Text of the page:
One finds oneself laughably excusing oneself before the Security Guard wearing baggy pleated shorts. At the same moment as the question emerges from the tip of my tongue (was that indignation or hesitation): Isn’t this a public space?——those wry twinges at the back of the head (very pertinent?) know all too well that a shopping mall is not a public space. What are you doing here? she asks.
Oh, hmm…uhh…I guess standing around the square and accosting people to take their pictures are not allowed. Security Guard very easily narrates her rehearsed consumer edification statement on the nature of such a “public space” as 三里屯 Sanlitun Village in East Beijing: This is the property of 太古 Taigu (Swire), and while visitors are free to regard this as a public space we do retain certain regulations and have the right to enforce them. Also inflected: consumers must be defended at all costs from anything that deters from a total shopping/dining experience, especially annoying ones like you.
Can I take your photo?
It is the perfect balance of civilised courtesy and the scenario of firm, surveyed control. We can reach the pinnacle of sophistication in an environment where we are surrounded by bourgeouis goods (I hung around to photograph one very fashionable trio, but they stayed inside Izzue for over an hour) and earphone/walkie-talkie donning young guards wearing baggy pleated shorts. It would be easy to walk away then and continue to accost Sanlitun visitors around the corner, on the other side of the square, maybe in front of the American Apparel instead of the Nike store. But you’ve been booted already, no balls, and it’s easy to begin seeing suspicious glares in all the other baggy-pleated short wearing guards that you pass every 50 meters. Go ahead and try to make friends now!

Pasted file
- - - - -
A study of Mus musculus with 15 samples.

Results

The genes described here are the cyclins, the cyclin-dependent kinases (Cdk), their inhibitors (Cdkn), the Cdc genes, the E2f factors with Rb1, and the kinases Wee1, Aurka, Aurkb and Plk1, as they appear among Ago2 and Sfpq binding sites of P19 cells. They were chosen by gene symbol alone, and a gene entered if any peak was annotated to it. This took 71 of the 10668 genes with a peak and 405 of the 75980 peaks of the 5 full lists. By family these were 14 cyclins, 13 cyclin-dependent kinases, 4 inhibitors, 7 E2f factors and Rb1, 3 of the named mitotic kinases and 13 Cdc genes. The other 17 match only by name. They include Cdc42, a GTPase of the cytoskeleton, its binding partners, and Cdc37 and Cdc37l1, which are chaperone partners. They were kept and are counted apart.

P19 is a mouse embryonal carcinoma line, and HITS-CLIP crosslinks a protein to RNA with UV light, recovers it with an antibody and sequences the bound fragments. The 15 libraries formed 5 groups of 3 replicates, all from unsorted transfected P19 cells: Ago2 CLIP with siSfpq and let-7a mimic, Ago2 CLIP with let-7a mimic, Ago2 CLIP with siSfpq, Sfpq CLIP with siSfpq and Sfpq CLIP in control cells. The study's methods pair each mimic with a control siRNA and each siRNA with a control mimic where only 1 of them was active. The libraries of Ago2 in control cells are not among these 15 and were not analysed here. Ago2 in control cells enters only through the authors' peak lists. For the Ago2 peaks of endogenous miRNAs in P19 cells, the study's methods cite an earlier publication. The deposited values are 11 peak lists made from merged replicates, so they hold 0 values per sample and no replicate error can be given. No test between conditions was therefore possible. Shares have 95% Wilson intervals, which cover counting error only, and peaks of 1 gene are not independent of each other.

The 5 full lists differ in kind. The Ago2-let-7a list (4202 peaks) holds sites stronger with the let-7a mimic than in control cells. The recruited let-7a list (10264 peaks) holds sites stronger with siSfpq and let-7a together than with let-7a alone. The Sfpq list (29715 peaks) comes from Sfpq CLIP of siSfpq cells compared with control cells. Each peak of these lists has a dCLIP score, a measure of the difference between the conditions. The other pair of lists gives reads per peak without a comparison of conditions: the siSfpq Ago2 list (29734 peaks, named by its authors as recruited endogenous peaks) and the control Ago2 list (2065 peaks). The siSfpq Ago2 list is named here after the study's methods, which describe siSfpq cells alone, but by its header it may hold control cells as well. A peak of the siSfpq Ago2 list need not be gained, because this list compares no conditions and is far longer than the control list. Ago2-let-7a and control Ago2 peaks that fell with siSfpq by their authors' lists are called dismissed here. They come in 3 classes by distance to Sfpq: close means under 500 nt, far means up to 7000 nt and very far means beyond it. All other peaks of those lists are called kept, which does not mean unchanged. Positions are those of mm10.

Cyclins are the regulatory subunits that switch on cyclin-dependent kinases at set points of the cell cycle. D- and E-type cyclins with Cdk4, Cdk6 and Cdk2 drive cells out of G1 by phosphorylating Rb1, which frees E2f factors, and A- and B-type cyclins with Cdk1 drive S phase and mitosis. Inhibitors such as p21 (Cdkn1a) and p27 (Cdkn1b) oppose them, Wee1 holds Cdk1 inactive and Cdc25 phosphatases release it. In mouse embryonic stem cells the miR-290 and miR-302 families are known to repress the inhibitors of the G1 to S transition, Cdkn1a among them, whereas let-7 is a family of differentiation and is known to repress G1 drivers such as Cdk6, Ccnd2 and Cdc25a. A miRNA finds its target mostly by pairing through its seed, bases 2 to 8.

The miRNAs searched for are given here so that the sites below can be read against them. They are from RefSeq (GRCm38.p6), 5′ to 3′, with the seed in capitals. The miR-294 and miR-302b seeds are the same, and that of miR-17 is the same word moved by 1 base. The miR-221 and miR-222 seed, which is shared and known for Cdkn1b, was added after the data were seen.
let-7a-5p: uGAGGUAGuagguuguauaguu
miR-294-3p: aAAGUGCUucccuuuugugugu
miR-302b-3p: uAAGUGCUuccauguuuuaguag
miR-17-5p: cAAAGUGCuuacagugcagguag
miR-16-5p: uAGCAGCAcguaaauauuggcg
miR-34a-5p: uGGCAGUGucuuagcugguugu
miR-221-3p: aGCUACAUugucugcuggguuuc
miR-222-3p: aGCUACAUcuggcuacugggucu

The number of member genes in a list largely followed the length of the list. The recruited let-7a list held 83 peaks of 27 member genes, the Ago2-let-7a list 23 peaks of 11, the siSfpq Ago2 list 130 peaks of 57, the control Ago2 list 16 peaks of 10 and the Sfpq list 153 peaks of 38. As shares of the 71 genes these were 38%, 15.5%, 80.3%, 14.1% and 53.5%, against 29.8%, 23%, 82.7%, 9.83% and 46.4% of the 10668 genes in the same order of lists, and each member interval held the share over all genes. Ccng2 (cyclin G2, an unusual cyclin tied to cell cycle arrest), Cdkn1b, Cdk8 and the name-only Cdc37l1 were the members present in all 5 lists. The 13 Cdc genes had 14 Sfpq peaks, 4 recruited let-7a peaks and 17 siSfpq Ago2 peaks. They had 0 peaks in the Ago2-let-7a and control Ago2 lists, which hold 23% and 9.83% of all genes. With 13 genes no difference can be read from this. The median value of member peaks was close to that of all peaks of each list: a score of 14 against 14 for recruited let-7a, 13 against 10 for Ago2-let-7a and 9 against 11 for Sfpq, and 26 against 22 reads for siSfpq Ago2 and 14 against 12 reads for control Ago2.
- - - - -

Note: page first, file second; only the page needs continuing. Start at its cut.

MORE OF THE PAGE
I go to an American-Italian-esque café to have a cappuccino instead. Sigh. Like my mother when she was younger, I can sit for hours on end watching people, though I wonder if my mother ever had as much longing after strangers as I do on a day like today, when I’ve been shamed for my feeble attempts at public engagement. Back then, my mother would visit the old Kai Tak airport in Kowloon Bay, and I guess I grew up in the shopping malls. It’s introductory Augé on repeat. But if these are not public spaces, perhaps we are not publics either, and I can only justifiably play fashion police as a marketing study for what trends and consumer groups should be regarded as the main influencers. To be an influencer would only then be a question of who best shines under a control scenario, under the influence of terms like ‘regime’ and ‘privatisation’ and ‘surveillance’. Is that what I like so much about the hutong still then, where life still happens under the cuff as much as it is committee-surveyed and organized for behavioural control (i.e., “文明北京人 civilised Beijinger”) as any of our more cosmopolitan world alternatives?
Maybe things are not tested as much as they could be. It felt sheepish to receive in an e-mail today: keep pushing the threshold. Playing ballsy? What does that mean, exactly? I would have liked to have written a treatise on ballsy-ness by now, but I sit instead at an American-Italian-esque café thinking too much about people who could care less. “Beyond” could be like a Badiou-ian truth, but vectorless possibilities and ballsy-ness require some form of immanence to be pushed. And where does interior exist in a control society? Are these the parameters of ‘post-privacy‘? We are all influenced. All captured and captivated and de-humanised.